Luanda, Angola | THE INDEPENDENT & AFP | President Yoweri Museveni of Uganda and Rwanda’s Paul Kagame are expected to hold discussions in Angola next week, the second such meeting in two months.
According to a press release from the Angolan presidency, they two leaders will be the second of a quadripartite summit that will bring them together with President Joao Lourenco of Angola and Felix Tshisekedi of DR Congo.
According to the press release, the meeting between the four African statesmen follows the Luanda Summit on 12 July. The four heads of state will on on August 21 witness the signing of the instruments that enshrine the understandings reached.
At the last meeting, Rwanda and Uganda reached understanding to resolve tensions that have erupted between their two countries in recent months, after contacts undertaken by Angola with the DR Congo’s assistance. The Angola foreign minister has in the past week visited Kigali and Kampala to seal the deal.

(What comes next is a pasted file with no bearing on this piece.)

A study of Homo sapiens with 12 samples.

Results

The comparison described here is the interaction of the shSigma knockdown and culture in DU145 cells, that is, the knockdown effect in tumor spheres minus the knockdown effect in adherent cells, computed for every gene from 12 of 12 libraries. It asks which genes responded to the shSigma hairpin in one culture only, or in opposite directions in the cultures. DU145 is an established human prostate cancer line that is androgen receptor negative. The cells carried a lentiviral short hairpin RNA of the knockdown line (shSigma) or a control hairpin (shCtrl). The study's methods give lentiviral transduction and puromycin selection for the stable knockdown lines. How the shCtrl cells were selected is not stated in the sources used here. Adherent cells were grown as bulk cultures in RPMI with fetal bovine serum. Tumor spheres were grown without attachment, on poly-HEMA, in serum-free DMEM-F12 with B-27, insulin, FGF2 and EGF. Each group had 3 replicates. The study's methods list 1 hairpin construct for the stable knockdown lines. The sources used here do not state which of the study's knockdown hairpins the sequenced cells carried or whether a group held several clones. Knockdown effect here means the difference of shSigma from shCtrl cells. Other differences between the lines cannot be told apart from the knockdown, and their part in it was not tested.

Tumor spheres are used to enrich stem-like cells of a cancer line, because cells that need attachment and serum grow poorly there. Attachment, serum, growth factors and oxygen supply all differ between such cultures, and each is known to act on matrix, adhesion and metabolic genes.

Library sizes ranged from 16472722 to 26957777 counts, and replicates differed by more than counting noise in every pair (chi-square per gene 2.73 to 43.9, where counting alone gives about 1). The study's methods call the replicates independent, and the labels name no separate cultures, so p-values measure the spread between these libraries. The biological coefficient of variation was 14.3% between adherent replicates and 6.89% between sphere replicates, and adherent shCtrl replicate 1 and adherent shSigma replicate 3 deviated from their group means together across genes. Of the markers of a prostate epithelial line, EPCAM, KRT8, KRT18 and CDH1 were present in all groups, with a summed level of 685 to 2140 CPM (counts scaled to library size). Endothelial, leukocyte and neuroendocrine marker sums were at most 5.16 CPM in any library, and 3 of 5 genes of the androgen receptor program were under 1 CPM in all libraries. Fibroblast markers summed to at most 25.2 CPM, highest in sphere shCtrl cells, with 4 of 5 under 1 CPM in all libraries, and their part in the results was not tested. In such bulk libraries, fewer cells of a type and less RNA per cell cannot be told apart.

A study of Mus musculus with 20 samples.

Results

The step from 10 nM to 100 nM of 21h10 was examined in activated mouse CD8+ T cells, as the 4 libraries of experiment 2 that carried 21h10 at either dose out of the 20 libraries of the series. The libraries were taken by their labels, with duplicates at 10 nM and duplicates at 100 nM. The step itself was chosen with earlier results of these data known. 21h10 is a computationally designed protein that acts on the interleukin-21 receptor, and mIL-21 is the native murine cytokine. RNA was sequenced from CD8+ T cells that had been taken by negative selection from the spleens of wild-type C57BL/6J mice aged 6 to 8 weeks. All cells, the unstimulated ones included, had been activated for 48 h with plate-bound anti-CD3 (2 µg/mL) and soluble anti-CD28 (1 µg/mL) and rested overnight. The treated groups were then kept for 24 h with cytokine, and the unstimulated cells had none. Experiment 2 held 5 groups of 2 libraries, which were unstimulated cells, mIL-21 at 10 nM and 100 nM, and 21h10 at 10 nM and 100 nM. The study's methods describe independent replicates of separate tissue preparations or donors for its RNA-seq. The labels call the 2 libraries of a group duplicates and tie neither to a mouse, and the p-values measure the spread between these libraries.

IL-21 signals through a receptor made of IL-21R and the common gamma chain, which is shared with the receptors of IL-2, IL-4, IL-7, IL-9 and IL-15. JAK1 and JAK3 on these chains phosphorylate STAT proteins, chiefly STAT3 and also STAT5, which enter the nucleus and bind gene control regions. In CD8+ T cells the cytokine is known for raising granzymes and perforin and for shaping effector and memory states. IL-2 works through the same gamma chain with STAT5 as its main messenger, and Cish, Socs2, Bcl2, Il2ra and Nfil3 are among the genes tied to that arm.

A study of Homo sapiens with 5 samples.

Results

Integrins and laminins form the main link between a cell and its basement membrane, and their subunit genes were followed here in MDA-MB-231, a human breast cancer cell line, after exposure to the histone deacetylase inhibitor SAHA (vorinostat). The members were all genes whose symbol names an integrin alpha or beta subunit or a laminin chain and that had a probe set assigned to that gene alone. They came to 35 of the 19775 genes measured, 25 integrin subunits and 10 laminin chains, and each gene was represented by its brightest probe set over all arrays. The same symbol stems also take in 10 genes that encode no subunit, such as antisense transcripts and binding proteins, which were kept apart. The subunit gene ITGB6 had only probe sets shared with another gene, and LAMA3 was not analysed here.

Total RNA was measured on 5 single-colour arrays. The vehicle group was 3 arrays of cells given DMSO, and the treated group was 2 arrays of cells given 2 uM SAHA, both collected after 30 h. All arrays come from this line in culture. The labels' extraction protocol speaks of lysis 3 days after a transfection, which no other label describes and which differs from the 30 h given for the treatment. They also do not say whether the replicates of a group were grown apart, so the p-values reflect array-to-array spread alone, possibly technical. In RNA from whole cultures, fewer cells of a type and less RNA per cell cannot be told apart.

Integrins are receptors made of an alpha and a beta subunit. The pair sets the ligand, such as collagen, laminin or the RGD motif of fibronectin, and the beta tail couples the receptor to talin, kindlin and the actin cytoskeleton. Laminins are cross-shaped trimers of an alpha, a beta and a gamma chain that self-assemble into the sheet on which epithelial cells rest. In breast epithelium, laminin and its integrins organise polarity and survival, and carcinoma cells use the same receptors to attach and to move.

The statement after the meeting said that “the summit welcomed the political will of (Rwanda and Uganda) to continue dialogue with a view to finding a solution to existing problems.”
Minister Manuel Augusto delivers two messages of President João Lourenço, to his counterparts Paul Kagame of Rwanda and Yoweri Museveni of Uganda.
— MOFA / MRE Angola (@angola_Mirex) August 14, 2019
The August 21 event is a followup of the July 12 summit also held in Angola’s Luanda which brought together the heads of state of the four countries. The July meeting convened by the Angolan president was devoted to regional security, cooperation and strengthening of ties among the four countries.
Rwanda’s Kagame and Yoweri Museveni, once close allies, have exchanged public accusations of spying on each other’s territory and political interference.
Trade has been severely disrupted since late February when Rwanda abruptly closed the border with its northern neighbour, severing a major economic land route.
Apart from a brief interlude in June the frontier has mainly remained shut, damaging the economies of both countries reliant on cross-border trade.
In May, Ugandan police accused Rwandan soldiers of entering the country and killing two men, drawing an angry denial from Rwanda.
Analysts say the spat between Kagame and Museveni could threaten stability in the strife-prone region.